Normally, when I have a new Jodi Picoult novel on my bookshelf, I am torn between whisking it into my hands and devouring it in a day or two, and leaving it there for maybe a week or more, letting the anticipation build until I can't stand it anymore and absolutely have to read it NOW. That's how it was with her newest, HOUSE RULES. I should have let it sit a while longer.
As usual, Picoult's newest story brings into focus a current topic of discussion, centering the conflict around that topic and a family in distress. There is, of course, the requisite courtroom battle meant to divide the reader's loyalty among the characters in play. The topic in HOUSE RULES is autism, Asperger's Syndrome specifically. The family is a single mom who has been raising her older son (the one with AS) and her younger son (who is "neurotypical" - in other words "normal") on her own for about fifteen years. Jacob, the older boy with Asperger's, is accused of murdering his counselor and the only hope his attorney has for acquittal is claiming insanity due to the AS.
The premise sounds interesting, doesn't it? I thought so too. As I mentioned above, I'm a loyal, diehard Picoult fan, and I looked forward to reading this book. So what was wrong with it, you ask? It's difficult to put my finger on the problem, but I'm going to try.
The first element of the book that really threw me off was the constant descriptions of what Asperger's Syndrome is, how it manifests itself, how it affects Jacob's functioning in the world, and how it affects the people closest to him. Those descriptions really never stop. Sometimes they're necessary and add to the narrative, but often they're repetitive and dry - often even clinical. Many times the book read as though Picoult simply quoted her notes from interviews she conducted with various doctors, counselors, and Asperger's patients. There were pages in the last third of the book that I practically skipped - barely skimmed - because it was the doctor's testimony about what AS is and believe me - by that point in the book, you've been there done that.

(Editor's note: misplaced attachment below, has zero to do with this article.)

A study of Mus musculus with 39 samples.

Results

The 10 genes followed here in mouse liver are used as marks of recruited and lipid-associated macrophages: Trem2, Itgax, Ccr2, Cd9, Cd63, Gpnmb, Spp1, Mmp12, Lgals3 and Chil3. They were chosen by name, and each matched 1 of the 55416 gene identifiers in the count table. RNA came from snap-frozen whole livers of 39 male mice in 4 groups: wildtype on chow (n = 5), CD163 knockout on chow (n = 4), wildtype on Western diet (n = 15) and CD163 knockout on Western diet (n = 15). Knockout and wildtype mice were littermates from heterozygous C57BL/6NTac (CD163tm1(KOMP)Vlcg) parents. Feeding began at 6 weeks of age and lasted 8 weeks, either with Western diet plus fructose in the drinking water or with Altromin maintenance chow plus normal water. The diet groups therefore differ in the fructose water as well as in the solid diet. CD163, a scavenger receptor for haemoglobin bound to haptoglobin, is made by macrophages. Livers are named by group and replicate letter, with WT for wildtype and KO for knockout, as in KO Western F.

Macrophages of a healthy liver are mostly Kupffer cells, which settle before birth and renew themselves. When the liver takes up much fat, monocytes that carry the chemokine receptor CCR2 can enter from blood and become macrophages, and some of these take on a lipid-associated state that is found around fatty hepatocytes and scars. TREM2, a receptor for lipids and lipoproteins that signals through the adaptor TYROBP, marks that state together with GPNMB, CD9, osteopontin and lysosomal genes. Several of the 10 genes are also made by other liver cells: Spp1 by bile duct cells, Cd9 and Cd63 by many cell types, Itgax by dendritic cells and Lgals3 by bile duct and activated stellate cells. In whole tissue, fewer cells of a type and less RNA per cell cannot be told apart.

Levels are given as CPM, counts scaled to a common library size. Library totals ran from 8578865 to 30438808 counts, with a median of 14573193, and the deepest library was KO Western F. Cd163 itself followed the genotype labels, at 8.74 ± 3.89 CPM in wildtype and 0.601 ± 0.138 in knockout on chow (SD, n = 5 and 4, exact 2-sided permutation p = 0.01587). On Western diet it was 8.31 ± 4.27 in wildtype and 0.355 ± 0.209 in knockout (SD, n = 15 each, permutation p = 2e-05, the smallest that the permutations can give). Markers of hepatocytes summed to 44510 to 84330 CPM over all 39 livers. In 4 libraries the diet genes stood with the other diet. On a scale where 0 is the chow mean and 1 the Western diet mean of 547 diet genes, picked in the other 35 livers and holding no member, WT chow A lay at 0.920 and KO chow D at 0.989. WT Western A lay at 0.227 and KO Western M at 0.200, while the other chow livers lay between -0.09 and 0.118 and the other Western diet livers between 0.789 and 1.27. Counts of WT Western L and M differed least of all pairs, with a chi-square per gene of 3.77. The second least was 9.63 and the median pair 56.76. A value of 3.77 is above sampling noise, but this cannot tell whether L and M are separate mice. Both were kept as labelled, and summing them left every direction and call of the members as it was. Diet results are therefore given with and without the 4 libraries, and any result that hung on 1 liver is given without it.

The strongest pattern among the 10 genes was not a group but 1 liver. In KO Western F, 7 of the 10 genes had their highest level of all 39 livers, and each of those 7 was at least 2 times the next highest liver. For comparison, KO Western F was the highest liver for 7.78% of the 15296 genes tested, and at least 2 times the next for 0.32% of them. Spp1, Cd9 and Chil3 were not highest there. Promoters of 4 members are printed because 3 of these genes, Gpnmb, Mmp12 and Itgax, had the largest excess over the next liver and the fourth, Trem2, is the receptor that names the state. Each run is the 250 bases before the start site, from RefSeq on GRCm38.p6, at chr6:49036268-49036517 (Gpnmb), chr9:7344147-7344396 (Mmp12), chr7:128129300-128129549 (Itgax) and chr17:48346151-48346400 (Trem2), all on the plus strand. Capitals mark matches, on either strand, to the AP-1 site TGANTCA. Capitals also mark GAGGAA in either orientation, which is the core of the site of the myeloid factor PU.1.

I think another issue I had was that this time - and this just never happens with her books - the characters were not very well developed. Or maybe that's not quite right. Let me say it this way: Jacob's character is very well developed. I've had students with Asperger's Syndrome, and I wish that I'd had this book to read before I had them in the classroom because I feel like I understand them so much better than I ever did before. Jacob was real and complete for me. The other characters - his mom, his brother, and his attorney specifically - seem to be developed only as far as necessary to allow them to interact with Jacob. This could have been done intentionally because living with Jacob doesn't allow anyone to have much else in his or her life. Maybe those characters felt incomplete to me because they were truly incomplete people. I'm not sure. All I know is that it didn't work for me.
The plot itself is compelling, although I knew very, very early in the story what the surprise was going to be at the end. Jacob is interesting, and it's sad to think about people having to live their lives with AS and around it. It's one of those stories that makes me grateful to God that my daughter is healthy.
This book will in no way turn me away from Jodi Picoult. She's a master storyteller, period. I am hoping that this was just a slight bump in the road that I've traveled happily - and smoothly - for years with her in her books. I was ready to put HOUSE RULES down and be done with it, but I'm just as eager to read her next one, whatever it may be.